Alexandra Burke made a name for herself by becoming the season five winner of “The X-Factor.” But Burke, who is originally from London, England, took to social media to share how she faced racism while working to achieve her dreams in music.
“I’ve just been really frightened to speak my truth, speak about my experiences within the industry,” she said while on Instagram Live. “This isn’t a video to bash anyone. … This is simply me speaking about what I’ve been through in the past 11 years and feeling like I’m not ashamed to speak about it.”
Burke described how she first experienced racism in the industry as a teen.
“I remember calling this particular person and saying to him, ‘I’m in a position where I’m ready to start working, I’m eager, I’m good to go,’ and the response that I got was, ‘I already have one Black artist. I don’t need another,'” she revealed. “I wasn’t sure how to take that, to be honest. I still have to really take that in, even now, many years later. It really, really sucked to hear those words.”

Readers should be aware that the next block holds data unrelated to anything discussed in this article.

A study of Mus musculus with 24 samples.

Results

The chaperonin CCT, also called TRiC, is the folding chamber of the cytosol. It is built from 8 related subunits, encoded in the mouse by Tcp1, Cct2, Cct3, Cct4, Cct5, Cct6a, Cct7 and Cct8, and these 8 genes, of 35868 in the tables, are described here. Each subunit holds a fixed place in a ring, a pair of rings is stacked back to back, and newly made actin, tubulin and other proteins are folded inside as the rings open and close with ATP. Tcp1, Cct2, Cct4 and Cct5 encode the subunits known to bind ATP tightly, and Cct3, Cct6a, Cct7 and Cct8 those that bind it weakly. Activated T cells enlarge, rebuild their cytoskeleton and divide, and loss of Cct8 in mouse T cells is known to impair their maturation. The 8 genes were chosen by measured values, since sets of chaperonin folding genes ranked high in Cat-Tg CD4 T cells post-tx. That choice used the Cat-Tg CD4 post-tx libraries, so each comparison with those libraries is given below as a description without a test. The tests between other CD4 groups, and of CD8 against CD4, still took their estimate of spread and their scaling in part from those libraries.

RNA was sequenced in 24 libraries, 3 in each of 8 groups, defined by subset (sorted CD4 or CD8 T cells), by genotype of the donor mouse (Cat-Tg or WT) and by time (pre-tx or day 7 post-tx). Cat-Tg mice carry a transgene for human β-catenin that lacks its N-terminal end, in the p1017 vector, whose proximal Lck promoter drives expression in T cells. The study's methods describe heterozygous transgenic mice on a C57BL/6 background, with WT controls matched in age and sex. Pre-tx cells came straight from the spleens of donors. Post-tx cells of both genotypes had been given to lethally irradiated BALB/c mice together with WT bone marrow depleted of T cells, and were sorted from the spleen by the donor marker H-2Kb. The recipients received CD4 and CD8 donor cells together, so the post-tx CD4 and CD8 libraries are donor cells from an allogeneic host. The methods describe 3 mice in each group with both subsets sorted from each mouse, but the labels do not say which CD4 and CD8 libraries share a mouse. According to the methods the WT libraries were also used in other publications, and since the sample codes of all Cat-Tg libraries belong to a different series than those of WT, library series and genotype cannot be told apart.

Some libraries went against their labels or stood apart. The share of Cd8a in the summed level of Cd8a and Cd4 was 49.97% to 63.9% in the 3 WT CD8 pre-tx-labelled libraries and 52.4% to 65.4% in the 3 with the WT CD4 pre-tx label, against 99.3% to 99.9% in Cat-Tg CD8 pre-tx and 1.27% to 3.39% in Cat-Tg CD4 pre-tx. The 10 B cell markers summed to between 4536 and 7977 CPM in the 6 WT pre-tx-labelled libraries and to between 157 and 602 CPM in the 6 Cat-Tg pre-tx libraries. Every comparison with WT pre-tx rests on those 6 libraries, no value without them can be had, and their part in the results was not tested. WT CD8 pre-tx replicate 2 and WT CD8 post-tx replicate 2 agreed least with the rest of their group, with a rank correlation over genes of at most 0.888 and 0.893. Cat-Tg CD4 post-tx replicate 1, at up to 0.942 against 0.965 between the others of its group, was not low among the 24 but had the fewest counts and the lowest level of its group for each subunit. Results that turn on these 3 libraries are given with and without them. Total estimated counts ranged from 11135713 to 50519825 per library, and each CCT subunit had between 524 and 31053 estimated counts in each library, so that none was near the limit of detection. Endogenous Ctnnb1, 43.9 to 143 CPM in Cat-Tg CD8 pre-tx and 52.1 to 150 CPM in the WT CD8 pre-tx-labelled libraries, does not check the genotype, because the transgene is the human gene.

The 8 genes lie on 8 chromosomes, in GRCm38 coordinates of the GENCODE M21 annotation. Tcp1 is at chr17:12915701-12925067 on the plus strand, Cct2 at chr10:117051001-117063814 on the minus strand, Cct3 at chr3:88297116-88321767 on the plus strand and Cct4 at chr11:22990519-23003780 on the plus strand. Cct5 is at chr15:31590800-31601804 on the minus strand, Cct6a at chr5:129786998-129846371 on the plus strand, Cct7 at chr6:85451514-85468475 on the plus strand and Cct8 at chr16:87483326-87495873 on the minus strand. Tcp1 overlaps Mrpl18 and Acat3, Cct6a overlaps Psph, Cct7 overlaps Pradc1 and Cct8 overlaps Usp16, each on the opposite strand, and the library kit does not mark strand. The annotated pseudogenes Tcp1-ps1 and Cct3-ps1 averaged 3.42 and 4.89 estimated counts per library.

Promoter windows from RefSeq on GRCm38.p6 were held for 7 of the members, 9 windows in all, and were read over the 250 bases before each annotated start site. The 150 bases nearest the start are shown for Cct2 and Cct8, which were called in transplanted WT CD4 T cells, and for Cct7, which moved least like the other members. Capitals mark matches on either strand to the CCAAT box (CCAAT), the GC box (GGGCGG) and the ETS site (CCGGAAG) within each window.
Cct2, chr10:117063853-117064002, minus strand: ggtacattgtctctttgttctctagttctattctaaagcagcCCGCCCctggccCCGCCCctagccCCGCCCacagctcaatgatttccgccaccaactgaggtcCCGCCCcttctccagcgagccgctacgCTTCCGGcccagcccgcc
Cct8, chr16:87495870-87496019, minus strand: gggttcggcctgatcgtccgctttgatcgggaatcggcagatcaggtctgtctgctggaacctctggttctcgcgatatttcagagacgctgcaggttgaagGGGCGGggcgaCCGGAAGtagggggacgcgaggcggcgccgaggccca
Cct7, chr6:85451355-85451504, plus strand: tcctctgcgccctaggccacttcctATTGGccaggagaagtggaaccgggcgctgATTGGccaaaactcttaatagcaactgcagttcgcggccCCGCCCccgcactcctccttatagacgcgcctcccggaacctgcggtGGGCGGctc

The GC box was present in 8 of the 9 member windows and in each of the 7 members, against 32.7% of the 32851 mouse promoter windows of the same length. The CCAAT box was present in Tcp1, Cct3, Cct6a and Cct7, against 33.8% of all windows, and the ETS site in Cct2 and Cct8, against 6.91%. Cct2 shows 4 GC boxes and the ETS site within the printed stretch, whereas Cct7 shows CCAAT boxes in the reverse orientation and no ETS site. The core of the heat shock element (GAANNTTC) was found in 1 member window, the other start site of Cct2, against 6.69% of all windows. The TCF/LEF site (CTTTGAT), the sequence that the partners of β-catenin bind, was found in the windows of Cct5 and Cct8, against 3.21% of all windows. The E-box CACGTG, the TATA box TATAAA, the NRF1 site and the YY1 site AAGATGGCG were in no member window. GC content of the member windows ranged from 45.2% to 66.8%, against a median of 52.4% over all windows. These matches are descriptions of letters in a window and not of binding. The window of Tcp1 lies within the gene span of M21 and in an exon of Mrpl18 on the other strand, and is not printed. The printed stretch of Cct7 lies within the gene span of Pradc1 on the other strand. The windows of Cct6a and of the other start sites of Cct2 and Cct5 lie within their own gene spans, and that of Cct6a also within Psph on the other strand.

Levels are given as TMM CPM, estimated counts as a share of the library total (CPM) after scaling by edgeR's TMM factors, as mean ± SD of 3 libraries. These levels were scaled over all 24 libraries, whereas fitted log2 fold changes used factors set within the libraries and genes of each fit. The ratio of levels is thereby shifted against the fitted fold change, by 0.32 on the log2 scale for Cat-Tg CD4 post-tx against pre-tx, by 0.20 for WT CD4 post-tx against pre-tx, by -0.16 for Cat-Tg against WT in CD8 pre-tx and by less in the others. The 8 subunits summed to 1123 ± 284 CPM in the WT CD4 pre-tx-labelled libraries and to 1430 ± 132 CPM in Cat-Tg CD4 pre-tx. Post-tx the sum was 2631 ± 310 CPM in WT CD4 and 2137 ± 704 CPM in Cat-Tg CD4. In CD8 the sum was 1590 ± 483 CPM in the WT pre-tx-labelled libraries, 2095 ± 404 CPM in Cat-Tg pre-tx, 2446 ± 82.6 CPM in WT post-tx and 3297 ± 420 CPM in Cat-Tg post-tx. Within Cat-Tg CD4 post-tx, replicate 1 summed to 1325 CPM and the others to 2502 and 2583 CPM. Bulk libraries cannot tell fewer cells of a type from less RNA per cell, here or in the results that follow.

She continued, “I got told when I first won the X-Factor at 19 … ‘Because you’re Black, you are gonna have to work 10 times harder than a White artist because of the color of your skin. … You can’t have braids, you can’t have an Afro. … You have to have hair, for example, that appeals to White people.'”
While sharing her story, Burke revealed that a music executive told her to bleach her skin for a better chance at success.
“I got told to bleach my skin, and that was something I refused to do,” Burke said. “Because it’s just so absurd to me that somebody could even remotely say to someone, ‘Bleach your skin so that you could look whiter.’ … Still, ’til this moment, it breaks my heart that I was told that. I’m trying to hold back the tears because it’s really heartbreaking, the s— that went on.”
Burke released her acclaimed album, The Truth Is, in 2018 and is currently starring in the musical “The Bodyguard” on tour in England and Ireland.
View Burke’s touching testimony below:
View this post on Instagram
I felt it was time to speak up… This is a scary moment for me. I didn’t always want to speak up.. but it is the right thing to do. So, here’s my truth, the positive and the emotional. 🤍 Side note: When I talk about ‘not seeing colour’ I’m not referring to the idea of being blind to skin colour, I’m talking about the notion within the music industry and institutionally that whiter is better. Why does an industry that should be focused on vocal ability spend so much time dictating an artists worth on their colour?